Since 2008, I’ve included my team of seven horses, individually, into Constellation sessions, either privately or in groups. Our workspace, a large round pen, backs onto the bottom of a mountain ridge and faces eighteen hundred acres of pristine, chaparral landscape. The expansiveness and privacy of this location supports the sensitivity and intensity of the work performed.
In traditional equine therapy, sessions usually consist of the client and horse performing a specific task, such as; walking and leading the horse through an obstacle course. Operating from the premise that the horse mirror will back information, the facilitator may ask the client ‘and where else do you experience this in your life?’
In a Horse Constellation, the set up is different. There are no tasks assigned for the client and horse to perform. Instead, the Constellation begins by simply sharing space. The individual and/or group, stand inside the round pen along with a horse at liberty (untied).
When 'sharing space, there’s no pressure on the horse to do anything, which allows the horse to make his/her own decisions about where he/she wants to go to inside the round pen.
A Constellation involves a specific person working on an intention for healing. Their intention determines how the Constellation proceeds. Group participants, referred to as ‘reps’ are given roles, and are positioned inside the round pen. The horse is invited to participate in the Constellation in an undefined role which organically reveals itself, or the horse may simply support the Constellation in whatever way the he/she shows up.
The manner in which the horse participates in the Constellation offers pertinent information. An example; the horse picks a specific representative to stand beside and in doing so reveals a missing member of the family. Feedback from the client affirms there was a missing sibling in her family who died tragically.
More times than not, the horse will actively participate in a Constellation. I’ve witnessed moments when the horse initiates a definitive action which nobody in the group can deny. An example of this was when Diva, a large black Percheron mare, gently nudged a client towards the rep of her wounded, inner child. Because the client resisted Diva’s suggestion, Diva made two more attempts at moving the client towards the arms of her child self. When the client said she felt coerced by the other representative into accepting this aspect of herself, I pointed out how Diva had supported this movement not just once but three times.
What was Diva’s purpose in doing this? My belief is in order for horses to feel at ease, they have an innate sense of balance and will gravitate to physical, emotional and mental equilibrium. In this particular incident, Diva was expressing to the client how she needed to accept and integrate her ‘wounded inner child’ to experience wholeness.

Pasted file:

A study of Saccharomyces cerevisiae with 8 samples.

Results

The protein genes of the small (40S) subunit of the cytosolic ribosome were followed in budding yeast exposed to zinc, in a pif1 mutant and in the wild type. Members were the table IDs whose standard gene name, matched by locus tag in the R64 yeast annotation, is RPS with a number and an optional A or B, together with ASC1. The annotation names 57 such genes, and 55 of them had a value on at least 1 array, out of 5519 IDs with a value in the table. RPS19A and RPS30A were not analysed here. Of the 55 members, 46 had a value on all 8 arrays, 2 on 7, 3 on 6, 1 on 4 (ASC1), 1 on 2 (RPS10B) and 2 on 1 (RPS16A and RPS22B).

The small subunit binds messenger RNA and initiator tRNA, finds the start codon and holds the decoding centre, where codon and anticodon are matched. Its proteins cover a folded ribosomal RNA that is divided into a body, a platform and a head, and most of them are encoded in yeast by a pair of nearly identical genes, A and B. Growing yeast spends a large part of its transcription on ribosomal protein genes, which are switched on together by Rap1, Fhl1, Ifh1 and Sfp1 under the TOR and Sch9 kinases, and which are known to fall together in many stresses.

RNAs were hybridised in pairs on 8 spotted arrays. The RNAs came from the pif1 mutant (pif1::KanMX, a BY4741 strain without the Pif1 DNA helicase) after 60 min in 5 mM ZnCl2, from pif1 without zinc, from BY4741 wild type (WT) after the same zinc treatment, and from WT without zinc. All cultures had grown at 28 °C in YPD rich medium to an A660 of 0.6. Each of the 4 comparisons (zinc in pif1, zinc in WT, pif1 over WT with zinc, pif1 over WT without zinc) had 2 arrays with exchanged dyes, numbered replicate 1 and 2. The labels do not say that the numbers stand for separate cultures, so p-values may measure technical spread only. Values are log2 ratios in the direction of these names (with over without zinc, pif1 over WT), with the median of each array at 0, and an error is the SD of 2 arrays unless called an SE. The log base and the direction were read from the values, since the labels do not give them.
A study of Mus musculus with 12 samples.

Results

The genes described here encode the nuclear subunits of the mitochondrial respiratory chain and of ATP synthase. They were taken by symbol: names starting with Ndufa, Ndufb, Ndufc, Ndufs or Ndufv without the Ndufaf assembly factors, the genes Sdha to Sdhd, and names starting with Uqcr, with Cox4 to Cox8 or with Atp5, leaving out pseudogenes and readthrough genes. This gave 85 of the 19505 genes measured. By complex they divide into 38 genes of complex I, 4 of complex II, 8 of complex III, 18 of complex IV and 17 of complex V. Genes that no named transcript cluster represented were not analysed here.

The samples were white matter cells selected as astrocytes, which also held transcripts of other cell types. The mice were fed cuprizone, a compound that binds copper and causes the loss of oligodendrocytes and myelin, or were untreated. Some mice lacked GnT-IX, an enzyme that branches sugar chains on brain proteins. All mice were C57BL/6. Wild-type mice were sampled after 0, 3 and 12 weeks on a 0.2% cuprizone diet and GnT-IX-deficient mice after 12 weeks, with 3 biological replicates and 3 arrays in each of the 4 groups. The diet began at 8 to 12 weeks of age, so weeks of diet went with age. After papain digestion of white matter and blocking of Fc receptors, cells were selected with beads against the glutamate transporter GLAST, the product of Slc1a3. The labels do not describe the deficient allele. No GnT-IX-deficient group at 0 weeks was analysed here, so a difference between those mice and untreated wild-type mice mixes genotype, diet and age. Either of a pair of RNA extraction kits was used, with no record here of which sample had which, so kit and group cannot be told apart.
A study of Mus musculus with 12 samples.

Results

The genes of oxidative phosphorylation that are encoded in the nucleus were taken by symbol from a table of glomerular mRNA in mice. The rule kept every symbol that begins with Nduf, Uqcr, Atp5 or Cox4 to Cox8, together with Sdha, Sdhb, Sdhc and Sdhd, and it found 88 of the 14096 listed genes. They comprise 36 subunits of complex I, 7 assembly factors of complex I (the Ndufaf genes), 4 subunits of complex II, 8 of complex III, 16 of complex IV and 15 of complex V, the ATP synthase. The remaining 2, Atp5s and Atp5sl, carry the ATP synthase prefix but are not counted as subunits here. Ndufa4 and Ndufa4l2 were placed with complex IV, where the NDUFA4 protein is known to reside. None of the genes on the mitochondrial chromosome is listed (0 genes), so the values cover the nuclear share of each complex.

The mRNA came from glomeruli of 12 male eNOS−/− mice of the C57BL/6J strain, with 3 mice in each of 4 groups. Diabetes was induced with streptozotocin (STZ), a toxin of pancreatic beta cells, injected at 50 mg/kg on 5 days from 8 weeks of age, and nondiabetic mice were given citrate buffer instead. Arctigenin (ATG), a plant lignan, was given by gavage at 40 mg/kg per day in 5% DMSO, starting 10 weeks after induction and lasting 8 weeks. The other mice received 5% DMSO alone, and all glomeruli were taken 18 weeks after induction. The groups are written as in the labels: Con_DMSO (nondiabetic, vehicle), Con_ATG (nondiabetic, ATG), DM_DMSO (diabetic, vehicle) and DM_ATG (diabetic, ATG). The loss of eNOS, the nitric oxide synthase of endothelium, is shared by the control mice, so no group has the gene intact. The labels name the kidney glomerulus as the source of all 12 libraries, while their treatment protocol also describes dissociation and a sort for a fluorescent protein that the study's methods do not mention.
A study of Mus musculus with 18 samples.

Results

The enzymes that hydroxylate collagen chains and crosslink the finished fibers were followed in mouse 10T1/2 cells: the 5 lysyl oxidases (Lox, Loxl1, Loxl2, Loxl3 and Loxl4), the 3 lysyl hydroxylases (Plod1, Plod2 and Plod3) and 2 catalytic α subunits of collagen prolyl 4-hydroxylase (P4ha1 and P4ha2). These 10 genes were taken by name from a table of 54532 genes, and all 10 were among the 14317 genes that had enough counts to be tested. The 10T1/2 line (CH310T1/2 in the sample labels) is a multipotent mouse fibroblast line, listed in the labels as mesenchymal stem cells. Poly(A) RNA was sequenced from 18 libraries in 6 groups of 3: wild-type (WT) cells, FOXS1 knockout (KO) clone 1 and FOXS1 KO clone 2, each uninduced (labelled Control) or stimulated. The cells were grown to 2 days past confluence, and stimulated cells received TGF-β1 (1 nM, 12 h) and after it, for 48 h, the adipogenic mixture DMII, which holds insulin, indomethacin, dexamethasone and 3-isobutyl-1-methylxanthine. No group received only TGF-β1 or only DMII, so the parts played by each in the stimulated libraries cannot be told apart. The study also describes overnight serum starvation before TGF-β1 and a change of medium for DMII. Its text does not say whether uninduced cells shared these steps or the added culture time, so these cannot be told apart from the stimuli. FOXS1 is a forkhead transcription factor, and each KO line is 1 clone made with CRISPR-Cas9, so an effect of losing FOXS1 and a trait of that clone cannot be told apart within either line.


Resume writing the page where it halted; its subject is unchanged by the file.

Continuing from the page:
There are occasions when the horse seems to be completely uninterested in what’s going on in the Constellation, and behaves as if everyone is invisible. The horse might be gazing out into the horizon, nibbling at patches of grass or hanging out by the gate. In my experience, when the horse is not actively participating, there are walls around the Constellation. For instance, if the client is disconnected to their body and feelings, or if we have yet to make any significant discoveries in the Constellation. Frequently there is a breakthrough moment at the end of the Constellation when the horse who’s been standing at the gate will suddenly turn and go directly to the client.
As prey animals, horses need to know their environment is safe. If there is an in-congruency in the energy field of the Constellation the horse will stay away. Consequently, if the energy field of the Constellation, however painful, is transparent, such as when a truth is revealed, the horse’s herding instinct kicks in and the horse will be join the group.
I’ve learned to completely trust what happens in a Horse Constellation. I’m clear in the intention that the horses are here to support the Constellation for the highest good of the client, group, myself and all of our relations. If the horse doesn’t interact with the group during a Constellation it’s OK and correct. They are not dancing bears. If I am overly concerned with whether the horse will do something extraordinary, then clearly, as a facilitator, I’m not in a position to hold a neutral space.
Yet in my opinion, when the horse appears to be doing nothing, they’re contributing to the Constellation in less obvious ways. Their presence creates a physiological effect in people. Studies have shown how a human’s heart rate will synchronize to the heart beat of the horse. Humans are incredibly attracted to horses, and feel good when looking at them and being in their presence. When we worked with children, I noticed how after a class, they remembered everything about the horse and not the flies which at the time they incessantly complained about.
Many of our clients come to Silver Horse Retreat with an undefined longing to be around horses. When someone is burdened with deep emotional trauma, it’s easier for them to connect to their wounding when a horse is present. Being outdoors, sharing space with a horse sets a benevolent emotional tone against a forgiving environment. The session becomes a symphony, inviting nature to participate. The wind picks up as a missing ancestor is identified and a plump of honking geese fly overhead as we’re about to explore a suicide in the family no one spoke about. This sacred dialogue with nature promotes a profound sense of connectedness to everything, reminding us we are not alone.